MAN SUES FLORIDA CITY POLICE OVER HIS ARREST, ALLEGED BEATING

Man Sues Florida City Police Over His Arrest, Alleged Beating

Posted By The Miami Herald | 28-May-1989

A man who contends he was part of a love triangle with a neighbor and a jealous Florida City police officer has filed suit against three officers, the department and the chief, claiming he was beaten and illegally arrested. The lawsuit, filed in U.S. District court May 19, alleges that for three or four weeks last spring, Lt. Scott Cote began to “follow, frighten, harass and badger” Steve Odom Jr., a Homestead construction contractor. The suit says Cote and Odom had “an amorous relationship with the same woman.”

The suit claims Cote, the department’s second-highest- ranking officer, enlisted the help of the other Florida City officers in harassing Odom. It says Police Chief John Folden knew of and condoned the conspiracy.

While on April 17, 1988 Odom sat down at a Florida City restaurant counter, the suit states, Cote came in and handcuffed Odom’s hands behind his back, arresting him without explanation. Odom says Cote dragged him out the door and put him in Seago’s squad car. The suit says that Cote pulled him out of the car, tripped him and threw him against the bumper at the Florida City Police Department. It charges Cote, Seago and Mees beat and kicked him while he lay on the ground, picked him up, knocked him down again and slammed him into the door. Odom says in the suit that he was carried inside the police stating, thrown against some desks, and locked in a jail cell for two hours with “blood dripping down over his face and covering his clothes” before paramedics were called. Three-and-a-half hours after his arrest, the suit says, Odom was taken to Jackson Memorial Hospital, where he received 17 stitches over his eye.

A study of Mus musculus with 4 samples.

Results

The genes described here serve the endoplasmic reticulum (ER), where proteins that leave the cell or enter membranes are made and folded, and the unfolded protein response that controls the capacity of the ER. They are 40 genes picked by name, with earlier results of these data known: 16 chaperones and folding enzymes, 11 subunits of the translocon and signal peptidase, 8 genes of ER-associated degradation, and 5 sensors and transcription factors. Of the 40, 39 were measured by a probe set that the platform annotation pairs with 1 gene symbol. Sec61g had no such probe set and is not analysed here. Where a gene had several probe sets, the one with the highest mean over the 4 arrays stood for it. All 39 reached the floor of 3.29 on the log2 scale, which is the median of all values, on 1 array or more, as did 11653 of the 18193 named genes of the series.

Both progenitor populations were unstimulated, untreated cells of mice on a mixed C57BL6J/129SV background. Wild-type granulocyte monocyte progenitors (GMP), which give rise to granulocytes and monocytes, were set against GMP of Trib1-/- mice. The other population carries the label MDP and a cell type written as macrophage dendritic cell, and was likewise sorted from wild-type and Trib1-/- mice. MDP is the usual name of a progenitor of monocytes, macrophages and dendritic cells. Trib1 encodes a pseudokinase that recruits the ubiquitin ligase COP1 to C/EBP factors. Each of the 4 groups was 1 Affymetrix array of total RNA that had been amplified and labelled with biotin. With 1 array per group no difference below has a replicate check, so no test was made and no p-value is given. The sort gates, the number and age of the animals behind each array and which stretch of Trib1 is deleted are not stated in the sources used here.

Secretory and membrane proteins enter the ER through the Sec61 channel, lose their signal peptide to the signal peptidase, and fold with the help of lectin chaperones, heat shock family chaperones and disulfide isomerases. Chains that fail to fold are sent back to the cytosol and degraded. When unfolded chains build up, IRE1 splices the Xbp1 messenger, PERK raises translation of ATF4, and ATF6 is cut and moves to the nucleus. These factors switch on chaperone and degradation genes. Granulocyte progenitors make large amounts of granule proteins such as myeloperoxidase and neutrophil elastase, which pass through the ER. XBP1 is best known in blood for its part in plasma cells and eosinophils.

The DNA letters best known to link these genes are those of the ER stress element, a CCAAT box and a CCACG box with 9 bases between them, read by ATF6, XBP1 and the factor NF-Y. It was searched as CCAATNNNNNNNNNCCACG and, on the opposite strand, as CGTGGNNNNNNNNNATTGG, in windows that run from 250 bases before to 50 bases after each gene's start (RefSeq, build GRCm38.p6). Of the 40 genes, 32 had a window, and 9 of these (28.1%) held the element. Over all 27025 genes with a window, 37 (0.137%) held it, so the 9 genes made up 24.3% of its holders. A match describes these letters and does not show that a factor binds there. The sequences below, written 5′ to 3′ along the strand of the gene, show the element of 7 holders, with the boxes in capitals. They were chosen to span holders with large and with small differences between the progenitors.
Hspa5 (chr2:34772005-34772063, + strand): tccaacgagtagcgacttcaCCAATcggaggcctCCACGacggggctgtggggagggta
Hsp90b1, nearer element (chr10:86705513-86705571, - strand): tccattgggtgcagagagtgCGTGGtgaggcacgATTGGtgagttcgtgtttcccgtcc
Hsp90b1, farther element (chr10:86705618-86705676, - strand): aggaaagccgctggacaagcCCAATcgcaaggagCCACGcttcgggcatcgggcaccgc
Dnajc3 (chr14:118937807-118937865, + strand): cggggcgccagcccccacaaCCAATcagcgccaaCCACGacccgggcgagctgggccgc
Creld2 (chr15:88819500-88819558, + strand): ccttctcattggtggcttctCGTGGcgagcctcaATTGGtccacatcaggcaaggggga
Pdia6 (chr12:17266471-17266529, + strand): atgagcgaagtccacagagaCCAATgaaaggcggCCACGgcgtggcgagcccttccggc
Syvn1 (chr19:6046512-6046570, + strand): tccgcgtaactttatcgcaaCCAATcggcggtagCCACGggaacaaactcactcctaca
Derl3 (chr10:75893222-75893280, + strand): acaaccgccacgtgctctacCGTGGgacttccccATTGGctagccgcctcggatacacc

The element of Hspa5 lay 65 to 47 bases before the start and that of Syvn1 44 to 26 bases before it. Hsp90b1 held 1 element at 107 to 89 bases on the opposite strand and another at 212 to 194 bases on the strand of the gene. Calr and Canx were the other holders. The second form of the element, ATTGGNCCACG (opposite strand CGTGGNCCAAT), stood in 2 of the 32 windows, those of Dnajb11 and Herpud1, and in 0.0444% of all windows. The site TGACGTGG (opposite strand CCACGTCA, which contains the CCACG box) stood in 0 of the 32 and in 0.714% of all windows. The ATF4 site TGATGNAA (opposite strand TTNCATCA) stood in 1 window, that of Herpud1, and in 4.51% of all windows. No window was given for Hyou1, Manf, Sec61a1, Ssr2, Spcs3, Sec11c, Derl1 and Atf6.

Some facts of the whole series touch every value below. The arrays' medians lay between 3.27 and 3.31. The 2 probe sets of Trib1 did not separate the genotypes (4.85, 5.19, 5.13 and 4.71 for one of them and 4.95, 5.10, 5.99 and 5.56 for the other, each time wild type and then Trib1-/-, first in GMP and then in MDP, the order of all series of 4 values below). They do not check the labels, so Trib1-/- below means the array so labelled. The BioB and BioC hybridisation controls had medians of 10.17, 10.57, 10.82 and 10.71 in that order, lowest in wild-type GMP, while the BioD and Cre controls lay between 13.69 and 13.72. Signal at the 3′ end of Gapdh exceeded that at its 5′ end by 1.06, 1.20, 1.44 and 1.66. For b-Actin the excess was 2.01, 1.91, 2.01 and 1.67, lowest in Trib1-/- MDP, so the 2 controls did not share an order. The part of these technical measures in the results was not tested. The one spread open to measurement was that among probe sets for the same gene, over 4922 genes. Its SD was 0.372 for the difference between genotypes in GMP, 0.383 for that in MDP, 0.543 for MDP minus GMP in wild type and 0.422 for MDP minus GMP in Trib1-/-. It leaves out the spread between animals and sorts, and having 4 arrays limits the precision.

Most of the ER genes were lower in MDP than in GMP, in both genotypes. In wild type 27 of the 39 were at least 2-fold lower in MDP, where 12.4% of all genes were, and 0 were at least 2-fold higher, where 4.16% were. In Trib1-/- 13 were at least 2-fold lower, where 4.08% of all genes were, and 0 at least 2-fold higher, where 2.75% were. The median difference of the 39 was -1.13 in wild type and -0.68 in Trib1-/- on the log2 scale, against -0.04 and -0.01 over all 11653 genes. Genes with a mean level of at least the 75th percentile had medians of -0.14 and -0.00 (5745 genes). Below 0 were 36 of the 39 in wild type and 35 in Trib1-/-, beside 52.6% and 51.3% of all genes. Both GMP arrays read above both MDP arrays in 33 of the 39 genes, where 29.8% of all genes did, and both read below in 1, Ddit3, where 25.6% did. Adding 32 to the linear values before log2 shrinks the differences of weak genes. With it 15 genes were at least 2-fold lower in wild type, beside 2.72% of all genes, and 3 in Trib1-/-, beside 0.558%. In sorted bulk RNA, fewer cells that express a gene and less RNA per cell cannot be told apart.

On June 17, 1988, a Dade circuit judge dismissed charges of fleeing from an officer and making an improper U-turn lodged against Odom by the Florida City officers. Dade Circuit Judge Thomas Carney on July 7 dismissed charges of battery on a police officer and resisting arrest with violence.

Odom, contacted at his home Friday refused to comment on the lawsuit, which seeks $1 million in compensatory damages and $ 2 million in punitive damages.
“Remember the Dukes of Hazzard on TV? That’s what it’s like down there,” said Stephen Malove, Odom’s attorney. “It is a very frightening experience even for a lawyer to be involved in a case like this, knowing some of the things these police officers do.”